Can Bitcoin Claw its Way Back to Being a Payment System?
The header of the Bitcoin white paper defines the digital currency as “A Peer-to-Peer Electronic Cash System.” However, a deeper look into what Bitcoin has become, and where it has come from, shows a very different picture.
Users have flooded to the cryptomarket, usually through the gateway that is Bitcoin, for its possibilities as a store of value and an expanding asset. Its potential to work as a legitimate payment system, one that could replace fiat and revolutionize money, has fallen away somewhat.
There are ways in which to make Bitcoin work as payment system though, even for micro payments like for a cup of coffee, but in all reality, it is still very much a tool for the rich when it comes to its buying power.
There are also plans in the pipeworks to try and bring Bitcoin back to its original purpose, with the Lightning Network being tested in certain instances. The belief being that Lightening network can cut the exorbitant transaction fees, and slice the waiting times to a manageable level.
Not for your daily cup o’ Joe
The way Bitcoin has grown and been shaped with upgrades such as SegWit2x failing to fire has seen its scaling languish. This, tied to the influx of users on the network, has led to a backlog and bottleneck which in turns means slow transactions, and expensive ones to boot. Hardly ideal for a currency.
Because transactions must compete to get picked up by miners, who favor the ones that offer the biggest fees, somebody who wants to move $1 mln can easily afford to offer $20, but someone who wants to buy a pizza probably can’t.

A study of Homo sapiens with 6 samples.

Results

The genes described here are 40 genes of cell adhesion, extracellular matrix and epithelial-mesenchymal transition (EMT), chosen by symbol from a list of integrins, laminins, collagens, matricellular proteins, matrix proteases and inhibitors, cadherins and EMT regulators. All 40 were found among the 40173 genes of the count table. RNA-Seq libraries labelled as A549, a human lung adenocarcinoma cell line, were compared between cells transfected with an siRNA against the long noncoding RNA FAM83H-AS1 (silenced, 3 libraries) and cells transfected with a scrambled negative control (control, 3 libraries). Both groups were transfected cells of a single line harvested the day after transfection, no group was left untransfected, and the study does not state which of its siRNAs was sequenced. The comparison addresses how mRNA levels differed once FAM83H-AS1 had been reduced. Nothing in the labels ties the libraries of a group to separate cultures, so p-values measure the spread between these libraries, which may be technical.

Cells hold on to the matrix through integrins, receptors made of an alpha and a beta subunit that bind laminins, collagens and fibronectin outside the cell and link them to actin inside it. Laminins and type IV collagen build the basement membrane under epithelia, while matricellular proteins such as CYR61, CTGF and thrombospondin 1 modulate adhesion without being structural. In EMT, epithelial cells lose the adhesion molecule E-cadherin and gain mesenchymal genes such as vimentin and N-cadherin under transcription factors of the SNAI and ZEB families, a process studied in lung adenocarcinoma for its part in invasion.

This is why Bitcoin is still growing in adoption for things like art, luxury cars, and real estate as a payment method. The fees matter little, and the transactions are speedy, but this smacks a bit of elitism and inequality, something very much against Bitcoin’s mantra.
So, what if you are steadfast in leaving fiat currencies behind and freeing yourself with Bitcoin as a functioning currency?
There are ways to do this, using major exchanges and popular wallets. People, who for instance are with Coinbase, can make Bitcoin payments to one another instantly, through the provider’s own books, without the cost or delay of broadcasting to the Blockchain.
This again though is not really in Bitcoin's mantra as now individuals are trusting a centralized entity to ensure their payments, bypassing the Blockchain which is designed to be this decentralized technology freeing people of such control.
The next Lightning strike
There is an option on the horizon, that is gaining a lot of traction seeing as the first physical transaction using it took place - the Lightning Network.
The idea behind this on-chain upgrade would allow micropayments as a payment channel will be opened between two parties, which is recorded on the Blockchain. This channel allows a user to make as many transactions through this channel as they wish, in a predetermined time. These transactions are not put directly onto the Blockchain but are rather verified once the channel is closed.
Lightning could well become a game changer for Bitcoin as it could maintain its monumental power as a store of value while restraining its bow with a payment string that could double its use effectively.